Projects RH

60 Columns to Make or Break your Project

60 Columns to Make or Break your Project

At Projects RH when we work with our clients, we look at building a single point of truth for where we believe they will be and why investors should look at an investment. Our first step is to build a five-year (60 month) spreadsheet of how the business works.

At Projects RH when we work with our clients, we look at building a single point of truth for where we believe they will be and why investors should look at an investment. Our first step is to build a five-year (60 month) spreadsheet of how the business works.

60 columns to make or break your project

We generally find that our clients have very complicated financial models which reflect how they see their business evolving and why they need the money. Many of these models are very complex going into levels of detail which may be helpful in managing the business but run the risk of confusing a potential investor or their analyst.

Only today, one of our analysts who was building a model in our format reported that a client had accidentally hard coded a link to a wrong cell which resulted in them achieving an IRR of over 100% when in reality it was a very respectable 45%+.

Put yourself in the investor´s shoes

Projects RH has recently been mandated to assist a European group that will build a plant in Central America. They have entrusted us to prepare suitable marketing materials on behalf of the board, so that they can engage investment marketers.

Our European clients have presented us with a bankable feasibility study which they have prepared from an engineering perspective. Naturally, this study included a financial model with exact rates for labor for 500 positions within the organization.

They were concerned when I stated that I did not wish to include this table as part of the financial model. They were equally surprised when I told them I planned to condense it into four lines. While labor is an important part of the equation in conducting their business, it is nowhere near as important as setting the right purchasing price of raw materials and the selling price of the finished product.

What is important is for the model to be prepared from an investor’s perspective. It needs to be comprehensive and include all the material assumptions to be considered valuable.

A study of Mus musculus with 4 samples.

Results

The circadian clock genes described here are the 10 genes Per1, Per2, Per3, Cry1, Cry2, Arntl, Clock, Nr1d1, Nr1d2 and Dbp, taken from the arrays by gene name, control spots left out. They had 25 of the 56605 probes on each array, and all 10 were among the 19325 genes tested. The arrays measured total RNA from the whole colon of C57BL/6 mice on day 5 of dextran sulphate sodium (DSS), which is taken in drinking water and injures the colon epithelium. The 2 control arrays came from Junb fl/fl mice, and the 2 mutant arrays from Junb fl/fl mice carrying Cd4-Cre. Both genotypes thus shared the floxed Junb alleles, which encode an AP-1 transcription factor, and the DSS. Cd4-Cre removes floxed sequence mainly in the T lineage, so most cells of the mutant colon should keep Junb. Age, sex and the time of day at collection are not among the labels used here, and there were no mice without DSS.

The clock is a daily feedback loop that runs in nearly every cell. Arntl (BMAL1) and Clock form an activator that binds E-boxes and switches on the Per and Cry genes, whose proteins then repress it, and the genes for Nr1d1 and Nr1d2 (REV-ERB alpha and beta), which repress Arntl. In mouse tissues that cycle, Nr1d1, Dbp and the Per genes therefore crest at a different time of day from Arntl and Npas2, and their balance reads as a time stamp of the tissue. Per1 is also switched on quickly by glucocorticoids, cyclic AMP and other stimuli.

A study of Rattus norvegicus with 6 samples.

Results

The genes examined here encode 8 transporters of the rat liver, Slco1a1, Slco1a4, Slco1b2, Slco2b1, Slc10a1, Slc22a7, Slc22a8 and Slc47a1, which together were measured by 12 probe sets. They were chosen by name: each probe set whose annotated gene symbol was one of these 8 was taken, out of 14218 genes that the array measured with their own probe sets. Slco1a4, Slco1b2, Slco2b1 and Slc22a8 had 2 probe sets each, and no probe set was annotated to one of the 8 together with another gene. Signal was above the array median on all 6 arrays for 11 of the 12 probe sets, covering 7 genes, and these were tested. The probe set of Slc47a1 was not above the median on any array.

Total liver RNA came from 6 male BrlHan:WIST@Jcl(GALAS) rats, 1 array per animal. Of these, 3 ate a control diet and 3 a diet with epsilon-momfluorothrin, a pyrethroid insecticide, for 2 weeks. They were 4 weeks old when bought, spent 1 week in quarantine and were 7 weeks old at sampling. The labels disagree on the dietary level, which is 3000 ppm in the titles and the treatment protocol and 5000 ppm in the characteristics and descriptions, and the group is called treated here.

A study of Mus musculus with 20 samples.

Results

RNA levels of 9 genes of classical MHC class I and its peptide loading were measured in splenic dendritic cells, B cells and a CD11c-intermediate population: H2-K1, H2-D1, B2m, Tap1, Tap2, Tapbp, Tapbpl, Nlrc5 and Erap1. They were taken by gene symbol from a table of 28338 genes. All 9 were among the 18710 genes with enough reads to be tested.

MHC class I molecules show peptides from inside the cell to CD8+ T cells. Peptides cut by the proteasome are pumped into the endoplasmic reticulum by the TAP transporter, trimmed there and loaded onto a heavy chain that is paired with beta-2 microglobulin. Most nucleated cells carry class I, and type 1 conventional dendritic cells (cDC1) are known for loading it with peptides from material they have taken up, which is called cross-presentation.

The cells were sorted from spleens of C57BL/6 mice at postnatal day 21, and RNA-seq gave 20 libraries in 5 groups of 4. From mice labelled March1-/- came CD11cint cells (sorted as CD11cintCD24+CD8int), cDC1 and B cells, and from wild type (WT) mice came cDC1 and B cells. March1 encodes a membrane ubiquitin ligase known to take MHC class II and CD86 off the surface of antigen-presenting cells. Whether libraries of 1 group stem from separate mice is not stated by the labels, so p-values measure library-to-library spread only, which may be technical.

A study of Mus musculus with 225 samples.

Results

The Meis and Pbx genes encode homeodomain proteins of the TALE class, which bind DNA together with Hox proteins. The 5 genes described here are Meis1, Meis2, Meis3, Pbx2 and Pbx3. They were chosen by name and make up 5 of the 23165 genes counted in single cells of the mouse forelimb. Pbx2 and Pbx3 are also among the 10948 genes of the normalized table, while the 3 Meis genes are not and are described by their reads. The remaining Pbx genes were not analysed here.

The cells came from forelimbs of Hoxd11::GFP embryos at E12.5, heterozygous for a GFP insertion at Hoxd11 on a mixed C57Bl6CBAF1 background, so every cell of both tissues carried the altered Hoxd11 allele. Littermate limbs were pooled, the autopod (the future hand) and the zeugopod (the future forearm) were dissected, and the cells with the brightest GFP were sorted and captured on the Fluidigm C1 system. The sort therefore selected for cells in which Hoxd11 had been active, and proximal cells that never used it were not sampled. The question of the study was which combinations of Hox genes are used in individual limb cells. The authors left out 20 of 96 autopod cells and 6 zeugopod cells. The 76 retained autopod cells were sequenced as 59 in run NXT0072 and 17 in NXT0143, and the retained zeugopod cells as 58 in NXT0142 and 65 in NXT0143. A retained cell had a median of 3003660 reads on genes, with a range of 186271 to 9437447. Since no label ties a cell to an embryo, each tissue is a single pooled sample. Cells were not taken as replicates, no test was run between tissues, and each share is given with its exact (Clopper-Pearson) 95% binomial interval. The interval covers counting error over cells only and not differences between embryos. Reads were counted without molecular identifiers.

Staying on top is essential

As projects become increasingly complex, staying on top of the latest financial trends is essential for success. One trend that has been gaining traction is the importance of a 60-month financial model. Such a model helps to determine the project’s cash flow, resource requirements, and other key elements so that long-term investments can be made with confidence.

Investors are again relying on the fundamentals to make their investment decisions. These fundamentals require that a business provides them with a single point of truth, which is a financial model. Most investors, at least their analysts, can read balance sheets and profit and loss accounts. It is not that we provide them with a 60-column worksheet which sits within the information memorandum, but rather we have that available should they wish to receive it. We give them an extract of both the forecast balance sheet and forecast profit and loss. The analysis provided in the information memorandum supports the interpretation that the business should be able to achieve what is forecast.

Investors know that business plans and full-cost models are necessary. In their minds, we can be assured that they discount our numbers, but it does provide them with a process of understanding the company’s intentions and how it arrived at its value. When working with investment opportunities, investors are concerned about the pre- and post-money value of the company, but more importantly, they want to understand their forecasted financial return. We are certain that investors and their analysts further discount what they receive for what is probably best described as a systematic bias since boards and their advisors are naturally bullish about the opportunity they are presenting.

In modeling, it is important that our models are fit for purpose in all material matters. A model created for the operation of a business may not be appropriate for financial analysis. Investors usually seek models prepared based on generally accepted accounting principles (GAAP). Our models require capitalization of some investments and appreciation, but investors are usually focused on what drives the earnings before interest tax depreciation and amortization (EBITDA) line.

Is also important to understand that the more complicated a model is made, the more likely there are to be undetected errors and hard coded numbers. We are very fortunate at Projects RH our team see many models and are generally able to detect coding errors and irregularities.

The models are commissioned by boards for the single purpose of raising capital. They enable the boards to extract relevant information from the models to include in their information memoranda and pitch decks.

The Process Matters

Globally, we are witnessing investors become more process oriented as I undertake the analysis of potential investment opportunities. Our clients are repeatedly asked to justify their valuations with other parties scrutinizing the inputs to the accounts. Given the current global economic outlook and the ever-growing investment opportunities on a global basis, we are not expecting a return to the questionable analysis methods we saw during COVID-19. Investments were made on the basis of multiples of expected EBITDA and were not being substantiated.

By Paul Raftery – CEO, Projects RH, based in Sydney

I’d love to hear from you on this important topic!